Dr. Larry Golden is a founding member and Director of the Illinois Innocence Project at the University of Illinois Springfield, and current Professor Emeritus of Political Science and Legal Studies at UIS. Dr Golden was recently awarded the 2019 U of I Distinguished Service award for his political activism and work with the Illinois Innocence Project.


His passion for political science and social activism began during his years in undergrad at the University of New Hampshire. He was involved in numerous student protests and socio-political movements.



“I went down to the South, this is at the heart of the civil rights movement, to do voter registration. I became president of the student body. I went to the white house when LBJ was one of the presidents,” Golden said.


Golden credits his undergraduate years at New Hampshire for inspiring him to continue his education in the field of Political Science at the doctoral level. Which led him to become a founding faculty member of Sangamon State University.


“The U of NH is where I spent 4 years doing undergrad work, and that’s a very  important time in my life. In terms of meeting people and in terms of preparing for my future direction,” Golden said.


In 2001, Golden, along with 2 professors from UIS, attended a statewide conference on the Innocence Movement, and founded the Downstate Illinois Innocence Project, despite financial limitations and lack of legal expertise.


“We tried to figure out, is there something we could do. Most of the people there were lawyers, they were from law school and law firms. We were from this undergraduate university that didn’t have that capability,” Golden said.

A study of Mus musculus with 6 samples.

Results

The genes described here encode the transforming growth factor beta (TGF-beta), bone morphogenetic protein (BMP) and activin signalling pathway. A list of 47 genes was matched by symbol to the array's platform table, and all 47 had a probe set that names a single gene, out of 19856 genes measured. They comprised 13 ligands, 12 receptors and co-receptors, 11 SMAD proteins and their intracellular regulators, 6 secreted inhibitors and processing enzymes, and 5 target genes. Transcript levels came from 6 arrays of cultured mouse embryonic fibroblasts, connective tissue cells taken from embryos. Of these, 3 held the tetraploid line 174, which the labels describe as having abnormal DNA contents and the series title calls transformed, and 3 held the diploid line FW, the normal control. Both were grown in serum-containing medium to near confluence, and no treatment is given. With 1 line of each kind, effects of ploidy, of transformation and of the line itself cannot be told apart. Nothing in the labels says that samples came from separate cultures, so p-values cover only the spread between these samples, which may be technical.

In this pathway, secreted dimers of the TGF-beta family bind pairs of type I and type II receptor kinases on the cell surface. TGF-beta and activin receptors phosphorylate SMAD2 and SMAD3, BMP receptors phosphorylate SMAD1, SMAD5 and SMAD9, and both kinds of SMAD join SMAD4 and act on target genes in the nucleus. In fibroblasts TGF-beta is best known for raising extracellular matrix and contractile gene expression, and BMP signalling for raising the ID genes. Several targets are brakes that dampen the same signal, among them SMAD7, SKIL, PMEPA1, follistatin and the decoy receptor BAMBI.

The Illinois Innocence Project has worked to free many wrongly convicted citizens and helped them regain their freedom.


“We have had 12 exonerations since we started in 2001, that includes the three I mentioned between 2001 and 2008. Illinois has the second greatest number of exonerations out of any state in the Union,” Golden said.


UIS has the only undergraduate Innocence project in the entire nation, and works directly with the government to reform the criminal justice system itself. 


“We [IIP] have been working on changing the rules, if you will, the practices of the way that convictions get accomplished. In order to minimize the number of wrongful convictions. And that has changed the culture from the perspective of the criminal justice system in this state, as well as throughout the nation,” Golden said.


Dr. Golden retired from full time teaching in 2004, but still volunteers his time to the Innocence Project, and is still as dedicated to the program’s mission as he was when it started. 


“What greater reward, can someone like myself have, than given someone there life back, one person if I can do that, so that they can go out and continue to life as a free person, in our society after being wronged. At that point, it's almost like a virus. It's hard to walk away from doing that,” Golden said.


Dr. Golden’s passion for social justice and political activism played an instrumental role in the creation of one of the most impactful Innocence Programs in the United States, Helping give wrongfully convicted people their lives back.